I know very little about either, but am I right to think that all of them are bottomless so that worms and other creatures can get in there and work their magic?

I've also read that you need to turn them, so grateful for any tips on the practicalities of that.

Is it better to have more than one compost pile: one for leaves and garden clippings, and one for food waste?

Can you put weeds in a composter?



  • Blue OnionBlue Onion Posts: 2,995

    How large is your garden (how much garden waste will you put in there?)?  

    Most of my garden waste goes directly onto my garden, or around my berries and rhubar.  Grass clippings are used direct as mulch.  Fall leaves are mowed up and used to cover the veg garden as most things are finished by then.  Same with the windfall apples, etc.  Sticks and tree trimming are in a pile for bugs and small animals.  The only thing in my compost container is kitchen stuff.  I tend to try to cut out the middle man (me) by letting nature do the work where I most want it to be.  

    Utah, USA.
  • i have a couple of bought Dalek type composters as well as subsequently built pallet composter covered with old carpet.

    I'm always delighted when i take the lid off the dalek to add more... it's swimming with worms and warm enough to be breaking down well. The self built with pallets etc has more capacity, is easier to empty, but not so easy to  build up layers of warmed up content.

    Garden size does dictate though, use the wooden pallet bins for grass clippings mixed with paper, daleks for cuttings and kitchen waste.

  • Dave MorganDave Morgan Posts: 3,123

    Blue onion is right really depends on how big your garden is. I have a medium to large garden and get plenty of stuff from greens to browns to put in them, plus i compost the neighbours grass clippings so I have 2 1mx1m wooden bins made from pallets. If you only have a small garden go with a dalek type bin they're light and when you do need to turn then they're easily refilled and emptied. You can compost kitchen waste (uncooked veg or fruit, peelings etc, no citrus though) grass clippings and woody stems from perennials, old newspaper, cardboard, anything natural really and it soon breaks down.

    Yes you can put annual weeds in a composter leaves as well, but it depends how many you have, scale is everything when composting, you need to accommodate what create. You can build  a seperate bin for leaves, and that's a different process and style of bin, but again it takes space.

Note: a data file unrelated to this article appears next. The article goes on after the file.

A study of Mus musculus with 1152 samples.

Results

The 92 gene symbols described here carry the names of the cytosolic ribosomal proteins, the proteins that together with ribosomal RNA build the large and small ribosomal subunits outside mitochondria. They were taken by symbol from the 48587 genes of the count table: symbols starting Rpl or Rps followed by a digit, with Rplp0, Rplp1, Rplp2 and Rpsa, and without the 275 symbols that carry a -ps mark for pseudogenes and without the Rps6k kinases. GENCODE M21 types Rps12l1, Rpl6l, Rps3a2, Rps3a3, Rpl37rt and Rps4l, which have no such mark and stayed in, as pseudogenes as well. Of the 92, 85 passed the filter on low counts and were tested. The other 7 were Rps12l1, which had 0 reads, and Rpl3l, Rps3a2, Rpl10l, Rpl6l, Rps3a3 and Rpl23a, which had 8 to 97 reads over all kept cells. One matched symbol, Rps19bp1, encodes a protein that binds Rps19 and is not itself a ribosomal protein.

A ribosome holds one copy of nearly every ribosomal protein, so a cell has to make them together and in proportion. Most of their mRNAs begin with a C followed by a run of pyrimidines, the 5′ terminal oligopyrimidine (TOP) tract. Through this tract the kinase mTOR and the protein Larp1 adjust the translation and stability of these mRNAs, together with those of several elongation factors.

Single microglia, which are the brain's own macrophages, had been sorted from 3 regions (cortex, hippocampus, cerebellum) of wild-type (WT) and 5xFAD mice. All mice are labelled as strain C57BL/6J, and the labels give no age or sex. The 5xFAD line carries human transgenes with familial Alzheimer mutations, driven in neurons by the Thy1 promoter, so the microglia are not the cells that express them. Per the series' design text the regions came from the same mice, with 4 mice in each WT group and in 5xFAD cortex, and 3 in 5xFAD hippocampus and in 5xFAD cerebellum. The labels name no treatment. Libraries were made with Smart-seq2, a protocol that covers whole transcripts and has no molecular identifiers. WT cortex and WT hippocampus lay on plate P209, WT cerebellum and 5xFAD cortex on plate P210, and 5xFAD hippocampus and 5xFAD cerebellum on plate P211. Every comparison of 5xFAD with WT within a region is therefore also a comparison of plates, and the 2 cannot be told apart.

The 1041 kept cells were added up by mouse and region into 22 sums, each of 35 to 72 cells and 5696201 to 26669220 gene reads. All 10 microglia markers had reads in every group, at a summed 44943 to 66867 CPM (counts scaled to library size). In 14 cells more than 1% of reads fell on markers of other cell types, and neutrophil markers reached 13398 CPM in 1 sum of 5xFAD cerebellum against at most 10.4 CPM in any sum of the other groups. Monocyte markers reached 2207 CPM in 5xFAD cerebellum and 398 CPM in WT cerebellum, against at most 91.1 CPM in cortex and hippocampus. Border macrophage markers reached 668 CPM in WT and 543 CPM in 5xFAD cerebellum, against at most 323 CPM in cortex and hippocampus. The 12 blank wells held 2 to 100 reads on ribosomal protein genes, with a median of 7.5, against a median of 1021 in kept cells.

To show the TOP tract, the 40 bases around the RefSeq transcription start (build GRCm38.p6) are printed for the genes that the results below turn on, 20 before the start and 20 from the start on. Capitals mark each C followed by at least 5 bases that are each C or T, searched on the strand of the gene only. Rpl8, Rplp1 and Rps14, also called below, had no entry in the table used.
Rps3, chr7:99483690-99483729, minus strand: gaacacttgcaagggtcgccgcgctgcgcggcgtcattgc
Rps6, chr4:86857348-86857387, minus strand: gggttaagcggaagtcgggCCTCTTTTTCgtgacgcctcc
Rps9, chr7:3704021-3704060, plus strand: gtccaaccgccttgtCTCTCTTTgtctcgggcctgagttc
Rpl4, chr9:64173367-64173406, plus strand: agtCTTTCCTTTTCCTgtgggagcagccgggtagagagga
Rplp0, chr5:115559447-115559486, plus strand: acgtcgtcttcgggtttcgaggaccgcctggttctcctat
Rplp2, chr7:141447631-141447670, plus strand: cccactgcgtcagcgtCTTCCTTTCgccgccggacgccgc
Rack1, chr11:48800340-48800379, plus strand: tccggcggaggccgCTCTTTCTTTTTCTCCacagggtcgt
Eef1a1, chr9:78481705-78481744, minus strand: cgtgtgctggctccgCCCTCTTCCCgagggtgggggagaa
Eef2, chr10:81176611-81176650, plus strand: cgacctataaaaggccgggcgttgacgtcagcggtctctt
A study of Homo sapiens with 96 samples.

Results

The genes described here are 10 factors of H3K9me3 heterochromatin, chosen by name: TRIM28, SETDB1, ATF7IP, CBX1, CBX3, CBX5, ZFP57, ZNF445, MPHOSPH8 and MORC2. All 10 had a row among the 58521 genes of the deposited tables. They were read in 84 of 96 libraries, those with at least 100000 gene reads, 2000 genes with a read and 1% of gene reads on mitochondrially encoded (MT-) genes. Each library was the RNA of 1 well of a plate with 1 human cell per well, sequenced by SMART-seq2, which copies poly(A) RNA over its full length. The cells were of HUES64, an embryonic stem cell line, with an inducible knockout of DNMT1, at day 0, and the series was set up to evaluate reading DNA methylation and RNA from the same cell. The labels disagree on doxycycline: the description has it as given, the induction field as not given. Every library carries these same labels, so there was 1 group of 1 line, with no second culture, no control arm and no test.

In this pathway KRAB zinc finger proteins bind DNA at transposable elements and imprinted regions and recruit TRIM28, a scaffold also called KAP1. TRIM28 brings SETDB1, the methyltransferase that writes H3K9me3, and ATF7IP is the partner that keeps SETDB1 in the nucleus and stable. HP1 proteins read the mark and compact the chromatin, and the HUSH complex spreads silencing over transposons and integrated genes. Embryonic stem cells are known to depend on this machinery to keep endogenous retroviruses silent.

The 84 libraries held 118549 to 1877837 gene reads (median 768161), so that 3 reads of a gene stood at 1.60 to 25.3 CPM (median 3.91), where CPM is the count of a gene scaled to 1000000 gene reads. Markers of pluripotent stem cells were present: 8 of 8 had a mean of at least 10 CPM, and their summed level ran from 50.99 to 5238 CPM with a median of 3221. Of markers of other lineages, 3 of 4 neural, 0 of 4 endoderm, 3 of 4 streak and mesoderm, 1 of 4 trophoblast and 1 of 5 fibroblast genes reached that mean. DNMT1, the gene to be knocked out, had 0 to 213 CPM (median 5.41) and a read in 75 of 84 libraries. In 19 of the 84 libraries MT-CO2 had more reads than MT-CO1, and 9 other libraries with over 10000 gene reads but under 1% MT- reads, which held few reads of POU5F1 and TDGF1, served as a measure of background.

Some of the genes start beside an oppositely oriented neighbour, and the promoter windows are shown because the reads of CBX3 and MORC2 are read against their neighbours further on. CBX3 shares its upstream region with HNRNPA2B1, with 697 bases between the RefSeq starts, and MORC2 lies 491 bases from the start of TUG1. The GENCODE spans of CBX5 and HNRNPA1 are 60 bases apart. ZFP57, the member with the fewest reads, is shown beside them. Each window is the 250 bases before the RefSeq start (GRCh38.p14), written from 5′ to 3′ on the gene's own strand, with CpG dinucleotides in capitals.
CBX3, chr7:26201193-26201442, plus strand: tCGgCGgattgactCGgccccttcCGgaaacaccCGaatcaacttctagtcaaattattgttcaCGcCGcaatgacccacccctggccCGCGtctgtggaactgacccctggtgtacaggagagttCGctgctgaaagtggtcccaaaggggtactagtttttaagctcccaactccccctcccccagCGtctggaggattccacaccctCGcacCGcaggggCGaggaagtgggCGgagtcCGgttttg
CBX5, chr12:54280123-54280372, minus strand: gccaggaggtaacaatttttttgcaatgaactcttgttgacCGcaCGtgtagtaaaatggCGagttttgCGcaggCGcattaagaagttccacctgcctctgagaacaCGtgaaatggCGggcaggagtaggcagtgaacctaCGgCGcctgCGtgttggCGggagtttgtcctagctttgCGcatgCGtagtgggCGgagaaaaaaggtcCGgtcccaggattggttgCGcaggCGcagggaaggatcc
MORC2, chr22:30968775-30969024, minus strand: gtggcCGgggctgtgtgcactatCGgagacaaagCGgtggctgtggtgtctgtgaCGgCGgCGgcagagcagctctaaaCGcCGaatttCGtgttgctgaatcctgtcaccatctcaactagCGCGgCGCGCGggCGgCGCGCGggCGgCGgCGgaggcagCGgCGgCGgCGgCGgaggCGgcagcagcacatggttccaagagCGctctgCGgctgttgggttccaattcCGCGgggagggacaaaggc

There is a compost thread on here somewhere, hopefully someone will find it for you and put in a link.

  • i add citrus to my kitchen waste compost- so long as there's not too much it's not a problem. Citrus waste is only really an issue with wormeries, any average garden composter the worms can escape if they don't like what you add.

    any compost should aim to be roughly (very roughly!) half and half brown- paper/ card/ twiggy waste and and green- grass/ leafy/ kitchen waste. i'm not too fussy, don't turn it and do OK. perhaps if I did turn it, it would rot quicker, but, to spread in autumn I'm happy to keep adding to it all year. when i use t there are usually a few bits that haven't rotted- pineapple heads in particular, so i just add them to the bottom of the new heap and chop them a bit with a spade. 

    Thirtybyseven- my best advice is just to start composting- you will find in item which best suits you, your garden size and whatever waste/ garden material you have to add t it.

    Good luck


  • I have three composters standing and turn them every month. Bin 1 has the fresh stuff in it, bin 2 the stuff from bin 1 from the month before and bin 3 the compost from bin 2 from the month before. Once a month I take out of composter 3 what is already usable as compost. Then I turn composter 2 in number 3 and composter 1 in composter 2. What has come out of 3 and has not been composted yet, goes back in 1. This rotation makes sure that I have plenty of compost at any time. Every two months I add some straw (I buy bunny straw) and I always make sure that not-seeding-weeds are added at any time. They are good for all the nitty gritty nutrients your soil needs. No meat or bones and plenty of garden and kitchen waste secures a top compost quality. Oh... and water them regularly when it is dry!


    I have one of these hanging beside my dalek bin. It is brilliant. Twist it in and pull it out a couple of times whenever I'm putting stuff in the bin. Works a treat by mixing and aerating with very little effort.

  • Thanks, Daryl2, I might get one of those. I've now got my new composter, but need to decide where to put it. I haven't decided where to put the beds yet, so it'll have to wait a bit longer!